Reaching No. 1 again shows Matt Painter has built a program. Now, Purdue needs NCAA Tournament success to follow
Twice in 2 seasons, Purdue has been ranked the No. 1 team in the country.
But even that achievement — AP voters put the Boilermakers No. 1 on Dec. 6, 2021 and again Monday, a year and 6 days later — isn’t telling of the whole story. It’s not as if Purdue was ranked No. 1 last season, went to a Final Four, then was 3rd in the ensuing preseason, before climbing up 2 spots.
Instead, Purdue had an earlier-than-expected exit in the Sweet 16 of the spring’s NCAA Tournament, saw 5 players depart, including NBA lottery pick Jaden Ivey and All-Big Ten player Trevion Williams, and were unranked to start this season. And yet here Purdue is, back again — already — with a very different team than the one last year.
Ivey and Williams are gone, as are Sasha Stefanovic, Eric Hunter Jr. and Isaiah Thompson: 3 starters, the 6th man (who played starter minutes) and the backup point guard. Purdue’s roster was left with an experienced frontcourt, led by national player-of-the-year candidate Zach Edey, but an inexperienced backcourt, which features freshman starters Braden Smith and Fletcher Loyer. And then a bunch of other players who needed to slide into new roles this season.
Purdue is the 9th team in poll history, according to the NCAA, to go from unranked in the preseason to No. 1 and it’s the fastest to do so, having reached the top spot before Christmas. None of the other 8 reached the top before the turn of the new calendar year.
What’s it say about the job that Matt Painter has done?
It says that Painter, now in his 18th season at his alma mater, has built a program, rather than a series of individual teams year in and year out. And in doing so, it seems the ultimate desired result will follow. It takes hard work, talent, commitment, want-to — and probably luck, too — to reach a Final Four, a place the Boilermakers have not been since 1980. Getting there is not a given, but when a program has a proven formula for consistent regular-season success, then it feels more and more likely that the postseason will follow. And the Boilermakers have been close, advancing to the Sweet 16 in 4 of the past 5 NCAA Tournaments, with an Elite Eight trip in 2019 that brought them within seconds of a Final Four and chance at a national championship.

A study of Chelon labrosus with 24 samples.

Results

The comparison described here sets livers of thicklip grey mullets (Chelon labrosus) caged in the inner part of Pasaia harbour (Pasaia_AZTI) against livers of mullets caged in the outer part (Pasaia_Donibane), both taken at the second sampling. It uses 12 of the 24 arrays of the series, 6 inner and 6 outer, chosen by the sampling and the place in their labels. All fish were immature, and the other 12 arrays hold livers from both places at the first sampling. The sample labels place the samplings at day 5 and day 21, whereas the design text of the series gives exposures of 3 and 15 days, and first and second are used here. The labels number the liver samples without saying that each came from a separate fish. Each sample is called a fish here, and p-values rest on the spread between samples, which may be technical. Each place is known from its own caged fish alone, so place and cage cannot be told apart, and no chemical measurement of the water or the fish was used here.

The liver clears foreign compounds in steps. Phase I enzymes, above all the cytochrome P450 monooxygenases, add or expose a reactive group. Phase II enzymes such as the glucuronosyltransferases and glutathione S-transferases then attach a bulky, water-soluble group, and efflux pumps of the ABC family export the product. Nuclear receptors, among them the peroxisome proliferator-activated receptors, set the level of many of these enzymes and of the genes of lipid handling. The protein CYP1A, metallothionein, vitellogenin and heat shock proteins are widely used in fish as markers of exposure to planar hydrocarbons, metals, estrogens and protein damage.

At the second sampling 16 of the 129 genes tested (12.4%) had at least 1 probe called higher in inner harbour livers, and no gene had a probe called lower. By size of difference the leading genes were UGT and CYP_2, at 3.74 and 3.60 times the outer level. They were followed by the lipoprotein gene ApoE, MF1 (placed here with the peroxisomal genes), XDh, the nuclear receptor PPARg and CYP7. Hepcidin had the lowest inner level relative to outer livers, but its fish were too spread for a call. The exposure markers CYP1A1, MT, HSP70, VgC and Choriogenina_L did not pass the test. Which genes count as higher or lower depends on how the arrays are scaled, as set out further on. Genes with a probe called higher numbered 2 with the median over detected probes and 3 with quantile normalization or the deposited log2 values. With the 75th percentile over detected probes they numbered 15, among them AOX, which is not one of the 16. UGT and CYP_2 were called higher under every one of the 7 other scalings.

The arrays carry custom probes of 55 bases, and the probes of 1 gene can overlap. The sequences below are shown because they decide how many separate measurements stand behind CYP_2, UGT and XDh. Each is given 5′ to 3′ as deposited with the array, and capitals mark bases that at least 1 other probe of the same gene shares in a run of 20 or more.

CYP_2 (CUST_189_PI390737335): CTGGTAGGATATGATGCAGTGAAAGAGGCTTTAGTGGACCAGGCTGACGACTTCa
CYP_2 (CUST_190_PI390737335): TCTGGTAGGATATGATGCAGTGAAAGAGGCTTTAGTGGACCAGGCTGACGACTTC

Yes, there have been disappointments. For as talented as last season’s team was, it was incomplete, and the Sweet 16 loss to Cinderella Saint Peter’s was a sour end to what felt like a promising tournament draw. But Painter recruits to his system, finding strong interior presences, like JaJuan Johnson and AJ Hammons and Caleb Swanigan and Isaac Haas and Williams and others of years past, and Edey now, and surrounding him with shooters and grinders and others who will accept roles big and small.
He has that right now. Of course, challenges will follow for these Boilermakers, who are undefeated at 10-0 to start the season, the last win being the type of grind-it-out victory (at Nebraska) that’s common on the road in the Big Ten. Purdue will have to adjust to being the hunted, a spot it didn’t adapt well to last season when it’s ascent to the No. 1 ranking was followed 48 hours later by a last-second loss at Rutgers.
Hard to say if it will, but the mistakes of last season are still fresh with those who remain now. It left them hungry, and the disrespect of leaving them out of the preseason Top-25 and picking them in the middle of the Big Ten has only added fuel. This team plays as cohesive as any we’ve seen around Purdue lately, maybe going back to the Baby Boilers of Robbie Hummel, E’Twaun Moore and Johnson more than a decade ago, a team that might have ended the Final Four drought had Hummel only stayed injury-free.
Perhaps big things are ahead only months from now. But if not, Painter has built a sustainable product, and doesn’t that lead us to believe that the big results will follow, whether this season or soon?